FAIRBORN — The mission was one that highlighted humanitarianism — “war fighters” were tasked with delivering medical supplies to a village located in-between battle zones while defending themselves against IEDs and bullets from adversaries.
But these war fighters are not military members and the village is on the campus of the National Center of Medical Readiness at Calamityville. It was the home of the Tech Warrior exercises Sept. 19-29, giving individuals who develop military technologies the opportunity to experience battle field scenarios to develop stronger, more efficient tools for those in real war zones.
“Most of the time, the scientist, engineers or people within acquisition community have little background in the operation or what it means to be an actual war fighter,” said Lt. Col. David Shahady, Tech Warrior Exercise commander. “So we try to create this environment where we can immerse them in the operational environment … They get a chance to walk in the shoes of the war fighter. Not for the purposes of being trained for combat but rather to be able to understand what the war fighter looks like.”
Each participant ate, slept and lived on the grounds during the exercises. They would be briefed each day on a mission, then would be assigned with completing the given task while testing newly developed equipment. Ten women participated in Tech Warrior this year, which officials said is the most they’ve ever had. Last year included three while the year before that included just one.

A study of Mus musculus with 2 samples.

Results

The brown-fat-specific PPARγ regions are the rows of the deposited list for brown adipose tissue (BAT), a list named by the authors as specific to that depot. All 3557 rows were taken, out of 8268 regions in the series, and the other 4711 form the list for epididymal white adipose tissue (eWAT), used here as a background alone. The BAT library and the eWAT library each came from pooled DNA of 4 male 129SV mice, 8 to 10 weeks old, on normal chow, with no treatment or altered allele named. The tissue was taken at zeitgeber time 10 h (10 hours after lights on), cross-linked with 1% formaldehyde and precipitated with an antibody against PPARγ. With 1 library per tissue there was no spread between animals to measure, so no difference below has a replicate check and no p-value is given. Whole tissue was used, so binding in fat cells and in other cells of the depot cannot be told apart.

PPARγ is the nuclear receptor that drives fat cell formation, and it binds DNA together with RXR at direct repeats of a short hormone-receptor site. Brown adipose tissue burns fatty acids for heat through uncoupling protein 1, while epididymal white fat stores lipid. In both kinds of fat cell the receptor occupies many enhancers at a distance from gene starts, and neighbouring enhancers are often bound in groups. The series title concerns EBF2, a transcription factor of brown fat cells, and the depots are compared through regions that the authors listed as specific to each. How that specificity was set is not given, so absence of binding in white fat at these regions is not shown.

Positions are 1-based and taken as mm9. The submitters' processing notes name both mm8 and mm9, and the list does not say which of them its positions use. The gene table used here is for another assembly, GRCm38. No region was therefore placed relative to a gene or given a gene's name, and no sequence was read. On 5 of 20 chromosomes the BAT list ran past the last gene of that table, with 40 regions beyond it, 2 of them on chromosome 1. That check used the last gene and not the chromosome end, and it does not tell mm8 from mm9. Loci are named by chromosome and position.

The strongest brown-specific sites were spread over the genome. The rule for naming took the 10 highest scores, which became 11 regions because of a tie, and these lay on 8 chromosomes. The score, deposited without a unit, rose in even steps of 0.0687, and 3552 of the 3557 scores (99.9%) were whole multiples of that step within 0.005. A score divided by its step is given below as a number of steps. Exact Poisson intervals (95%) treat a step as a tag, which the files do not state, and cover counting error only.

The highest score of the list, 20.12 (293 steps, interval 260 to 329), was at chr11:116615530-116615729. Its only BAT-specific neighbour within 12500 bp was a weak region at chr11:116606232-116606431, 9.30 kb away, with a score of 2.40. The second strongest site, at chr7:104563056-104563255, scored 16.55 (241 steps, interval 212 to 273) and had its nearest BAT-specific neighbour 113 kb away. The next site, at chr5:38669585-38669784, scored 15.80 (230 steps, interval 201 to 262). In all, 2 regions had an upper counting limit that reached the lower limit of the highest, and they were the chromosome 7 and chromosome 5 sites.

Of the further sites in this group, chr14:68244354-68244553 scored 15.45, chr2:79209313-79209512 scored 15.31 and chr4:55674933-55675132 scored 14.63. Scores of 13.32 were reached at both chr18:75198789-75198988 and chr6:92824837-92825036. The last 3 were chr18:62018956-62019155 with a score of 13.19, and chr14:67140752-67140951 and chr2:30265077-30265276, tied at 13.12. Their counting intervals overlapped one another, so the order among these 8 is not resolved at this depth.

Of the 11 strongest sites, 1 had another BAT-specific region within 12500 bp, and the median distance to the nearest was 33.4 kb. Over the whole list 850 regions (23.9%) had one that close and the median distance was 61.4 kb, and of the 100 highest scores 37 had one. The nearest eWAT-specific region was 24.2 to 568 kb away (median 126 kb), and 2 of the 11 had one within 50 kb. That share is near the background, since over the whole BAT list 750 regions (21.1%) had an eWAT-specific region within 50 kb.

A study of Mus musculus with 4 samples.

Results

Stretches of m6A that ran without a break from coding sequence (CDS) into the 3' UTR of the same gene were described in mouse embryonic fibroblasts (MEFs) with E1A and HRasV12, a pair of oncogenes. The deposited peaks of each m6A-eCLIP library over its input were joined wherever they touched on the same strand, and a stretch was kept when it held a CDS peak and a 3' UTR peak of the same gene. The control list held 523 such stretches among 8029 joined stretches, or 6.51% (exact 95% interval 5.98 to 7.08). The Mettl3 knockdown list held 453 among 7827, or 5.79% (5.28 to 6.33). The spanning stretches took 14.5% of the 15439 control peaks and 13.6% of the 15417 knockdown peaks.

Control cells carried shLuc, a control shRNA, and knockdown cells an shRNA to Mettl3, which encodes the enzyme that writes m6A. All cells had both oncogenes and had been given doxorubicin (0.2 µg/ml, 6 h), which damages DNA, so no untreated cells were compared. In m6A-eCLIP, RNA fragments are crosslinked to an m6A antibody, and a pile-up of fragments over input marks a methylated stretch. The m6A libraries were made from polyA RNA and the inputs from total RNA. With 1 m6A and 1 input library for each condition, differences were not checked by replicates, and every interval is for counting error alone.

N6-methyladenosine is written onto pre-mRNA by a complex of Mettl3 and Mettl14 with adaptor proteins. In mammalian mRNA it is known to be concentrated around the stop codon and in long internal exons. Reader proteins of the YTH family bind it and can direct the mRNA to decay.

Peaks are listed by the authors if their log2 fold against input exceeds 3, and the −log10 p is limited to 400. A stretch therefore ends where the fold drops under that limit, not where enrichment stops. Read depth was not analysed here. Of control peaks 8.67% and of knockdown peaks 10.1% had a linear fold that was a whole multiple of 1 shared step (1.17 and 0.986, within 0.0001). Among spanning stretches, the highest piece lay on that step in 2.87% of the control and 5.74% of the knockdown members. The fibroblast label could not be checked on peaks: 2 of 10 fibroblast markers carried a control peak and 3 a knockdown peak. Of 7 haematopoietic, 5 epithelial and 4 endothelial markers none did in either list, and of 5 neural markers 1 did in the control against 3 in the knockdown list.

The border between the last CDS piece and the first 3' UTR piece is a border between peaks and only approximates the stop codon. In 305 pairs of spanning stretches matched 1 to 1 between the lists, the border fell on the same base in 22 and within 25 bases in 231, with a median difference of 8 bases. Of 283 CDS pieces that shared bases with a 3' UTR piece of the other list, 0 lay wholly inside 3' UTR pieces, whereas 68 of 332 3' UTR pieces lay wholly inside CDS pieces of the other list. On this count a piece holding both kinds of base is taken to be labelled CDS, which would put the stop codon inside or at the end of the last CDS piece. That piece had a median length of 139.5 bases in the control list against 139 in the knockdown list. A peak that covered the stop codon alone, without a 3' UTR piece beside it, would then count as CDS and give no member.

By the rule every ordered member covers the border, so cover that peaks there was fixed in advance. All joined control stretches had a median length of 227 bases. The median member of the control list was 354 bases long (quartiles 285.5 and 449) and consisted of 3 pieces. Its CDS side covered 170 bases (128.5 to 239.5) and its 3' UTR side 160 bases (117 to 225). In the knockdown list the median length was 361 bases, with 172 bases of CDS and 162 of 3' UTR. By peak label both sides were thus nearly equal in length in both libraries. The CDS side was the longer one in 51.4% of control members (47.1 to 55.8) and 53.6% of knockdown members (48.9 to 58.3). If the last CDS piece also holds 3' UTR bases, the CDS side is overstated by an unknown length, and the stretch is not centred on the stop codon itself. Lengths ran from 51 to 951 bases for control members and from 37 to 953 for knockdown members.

They were equipped with an Eccrine Sweat Band to track the amount of sweat they were losing to prevent overheating. Shahady said as a result, no participant suffered from heat-related health concerns. They also consumed Meals-Ready-to-Eat but were also testing a new brand called Field Fuel which highlighted healthy options. Sinclair Community College additionally had Unmanned Aerial System technicians flying the camera-equipped technology that provided a live feed of what was taking place on the grounds.
These were just a few examples of the equipment being tested.
“It’s a great opportunity to bring new technologies in to try and to test those out,” Shahady said.
One participant pointed out how it was difficult to press a button on a piece of equipment while wearing gear aimed at protecting individuals against chemical attacks, causing the participant to have to take off a glove to complete the task at hand which could be dangerous and time consuming in a war scenario. Shahady said the participant taking note of this would spark inspiration to develop easier-to-press buttons, which he added is a goal of the exercise.
“They’re learning what it is to be a war fighter,” Shahady said. “The [goal] is not to make them into combat soldiers but to make them [think] when they sit down at the table designing a piece of equipment, they’re thinking in the mind of what it would be like to be a war fighter.”
Contact Whitney Vickers at 937-502-4532.